When it comes to technology, there’s a group of consumers referred to as “early adopters.” This group is tuned into what’s happening with their favorite technology and they are willing to test it and invest in it before it hits the mainstream. For some, it’s about having the newest and best. For others, it’s about vetting the technology to help move it forward.

This idea of having influence early in a cycle came to mind during a recent visit to Washington, D.C. I took part in a conference, policy briefings and legislative visits as part of an agriculture advocacy group.

Throughout our 3 days in the nation’s capital and discussions over dozens of issues, one issue in particular was repeatedly discussed — the recent proposed changes to how the EPA defines “waters of the U.S.” as part of the Clean Water Act. This change may affect the definitions of such “waters” as farm ponds. Regardless of where you stand on the issue, I urge you to learn more about it because it could affect your ag and rural lifestyle customers. There’s a comment period right now regarding the proposed Clean Water Act changes. Here’s a link to more information, including how to submit comments.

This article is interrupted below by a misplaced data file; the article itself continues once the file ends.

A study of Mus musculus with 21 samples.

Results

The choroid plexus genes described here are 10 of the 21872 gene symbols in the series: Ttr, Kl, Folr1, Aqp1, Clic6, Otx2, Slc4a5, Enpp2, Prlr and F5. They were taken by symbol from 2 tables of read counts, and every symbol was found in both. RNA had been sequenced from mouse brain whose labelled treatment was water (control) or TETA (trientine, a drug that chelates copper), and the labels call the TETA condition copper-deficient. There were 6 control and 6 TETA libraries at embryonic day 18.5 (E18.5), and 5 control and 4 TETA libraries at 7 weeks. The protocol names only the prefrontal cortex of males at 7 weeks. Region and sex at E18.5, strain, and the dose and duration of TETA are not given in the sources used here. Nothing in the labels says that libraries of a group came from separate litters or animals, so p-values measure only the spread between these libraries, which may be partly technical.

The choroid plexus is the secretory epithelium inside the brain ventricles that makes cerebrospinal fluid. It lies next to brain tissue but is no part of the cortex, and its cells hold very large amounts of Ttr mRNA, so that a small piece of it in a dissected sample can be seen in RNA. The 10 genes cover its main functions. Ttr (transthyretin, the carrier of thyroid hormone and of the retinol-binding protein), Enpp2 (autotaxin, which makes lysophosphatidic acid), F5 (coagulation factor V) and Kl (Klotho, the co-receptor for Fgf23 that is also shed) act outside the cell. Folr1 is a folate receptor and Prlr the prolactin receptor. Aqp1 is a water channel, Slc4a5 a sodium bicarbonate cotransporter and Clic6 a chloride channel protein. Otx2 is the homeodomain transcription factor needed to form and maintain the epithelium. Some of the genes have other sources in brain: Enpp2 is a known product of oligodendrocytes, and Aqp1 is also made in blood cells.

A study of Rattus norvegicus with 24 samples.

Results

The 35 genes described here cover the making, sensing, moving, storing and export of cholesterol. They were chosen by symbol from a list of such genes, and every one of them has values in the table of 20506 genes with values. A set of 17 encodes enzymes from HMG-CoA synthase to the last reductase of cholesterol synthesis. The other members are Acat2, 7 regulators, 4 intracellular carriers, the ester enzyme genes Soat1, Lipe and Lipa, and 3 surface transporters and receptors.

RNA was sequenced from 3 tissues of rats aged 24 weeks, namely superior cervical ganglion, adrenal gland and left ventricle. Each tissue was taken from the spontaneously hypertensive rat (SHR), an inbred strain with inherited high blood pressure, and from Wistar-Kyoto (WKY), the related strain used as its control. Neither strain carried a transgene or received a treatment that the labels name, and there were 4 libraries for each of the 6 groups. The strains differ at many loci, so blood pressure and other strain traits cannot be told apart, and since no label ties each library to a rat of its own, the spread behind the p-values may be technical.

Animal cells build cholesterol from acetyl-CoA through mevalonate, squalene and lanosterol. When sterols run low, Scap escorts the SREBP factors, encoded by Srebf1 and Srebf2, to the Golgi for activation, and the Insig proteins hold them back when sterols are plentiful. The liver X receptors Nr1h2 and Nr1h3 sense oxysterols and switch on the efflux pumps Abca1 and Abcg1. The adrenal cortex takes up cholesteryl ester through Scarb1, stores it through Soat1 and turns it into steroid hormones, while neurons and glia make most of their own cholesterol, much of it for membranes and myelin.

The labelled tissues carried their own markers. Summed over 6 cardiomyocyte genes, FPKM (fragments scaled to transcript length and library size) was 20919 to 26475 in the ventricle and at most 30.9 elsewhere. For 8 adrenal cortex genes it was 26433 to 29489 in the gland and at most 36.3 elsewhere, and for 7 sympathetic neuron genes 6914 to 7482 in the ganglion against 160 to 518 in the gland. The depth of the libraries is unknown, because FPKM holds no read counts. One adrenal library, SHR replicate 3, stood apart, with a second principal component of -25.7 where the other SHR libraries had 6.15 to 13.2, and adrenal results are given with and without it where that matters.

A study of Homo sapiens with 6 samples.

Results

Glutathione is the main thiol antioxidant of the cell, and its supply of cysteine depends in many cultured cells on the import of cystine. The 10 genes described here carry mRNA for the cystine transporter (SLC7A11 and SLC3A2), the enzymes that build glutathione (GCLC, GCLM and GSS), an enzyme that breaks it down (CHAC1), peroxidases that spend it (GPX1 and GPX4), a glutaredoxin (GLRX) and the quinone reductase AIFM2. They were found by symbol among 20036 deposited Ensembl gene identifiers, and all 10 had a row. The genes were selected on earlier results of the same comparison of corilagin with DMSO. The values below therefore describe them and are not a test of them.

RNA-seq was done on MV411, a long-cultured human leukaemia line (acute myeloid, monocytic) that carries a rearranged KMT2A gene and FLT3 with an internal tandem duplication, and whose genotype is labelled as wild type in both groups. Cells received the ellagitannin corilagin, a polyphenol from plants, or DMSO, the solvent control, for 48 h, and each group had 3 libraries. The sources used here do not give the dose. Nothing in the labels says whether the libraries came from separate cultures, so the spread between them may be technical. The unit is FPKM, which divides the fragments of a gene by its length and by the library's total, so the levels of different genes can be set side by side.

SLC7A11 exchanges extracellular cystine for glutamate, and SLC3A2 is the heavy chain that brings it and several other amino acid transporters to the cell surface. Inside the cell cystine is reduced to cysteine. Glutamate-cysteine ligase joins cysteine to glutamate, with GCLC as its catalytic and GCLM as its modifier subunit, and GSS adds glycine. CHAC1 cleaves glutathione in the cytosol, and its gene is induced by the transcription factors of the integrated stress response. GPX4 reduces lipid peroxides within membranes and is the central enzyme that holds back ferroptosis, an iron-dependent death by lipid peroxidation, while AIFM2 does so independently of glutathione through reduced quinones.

During the week, I was able to visit with the offices of my state’s senators and representatives. By “office,” I mean young staffers. They were competent and I was pleased with the meetings, but it wasn’t a replacement for discussions with my elected officials. And, it definitely wasn’t the same as working with officials before legislation is drafted.

I’m not a policy wonk, but I do care about agriculture and its future. And, part of that future includes you as dealers. Without the equipment you sell and the knowledge you provide, your customers can’t make the most of their properties. I encourage you to share that knowledge with your local, county, state and federal officials.

They need to know what small agriculture is like in your area — and what policies can hinder its growth or even survival. Invite those officials to tour your dealership, show off your facilities and your team and demonstrate the latest in rural lifestyle equipment. Help them understand that the decisions they make about agriculture affect more than production agriculture.

And, offer to be a trusted source when they’re trying to understand an ag topic as well as topics related to small businesses. Ag policy affects your customers, whether they know it or not, which means it affects your dealership. As I heard several times this past week, “Politics shouldn’t be a spectator sport.”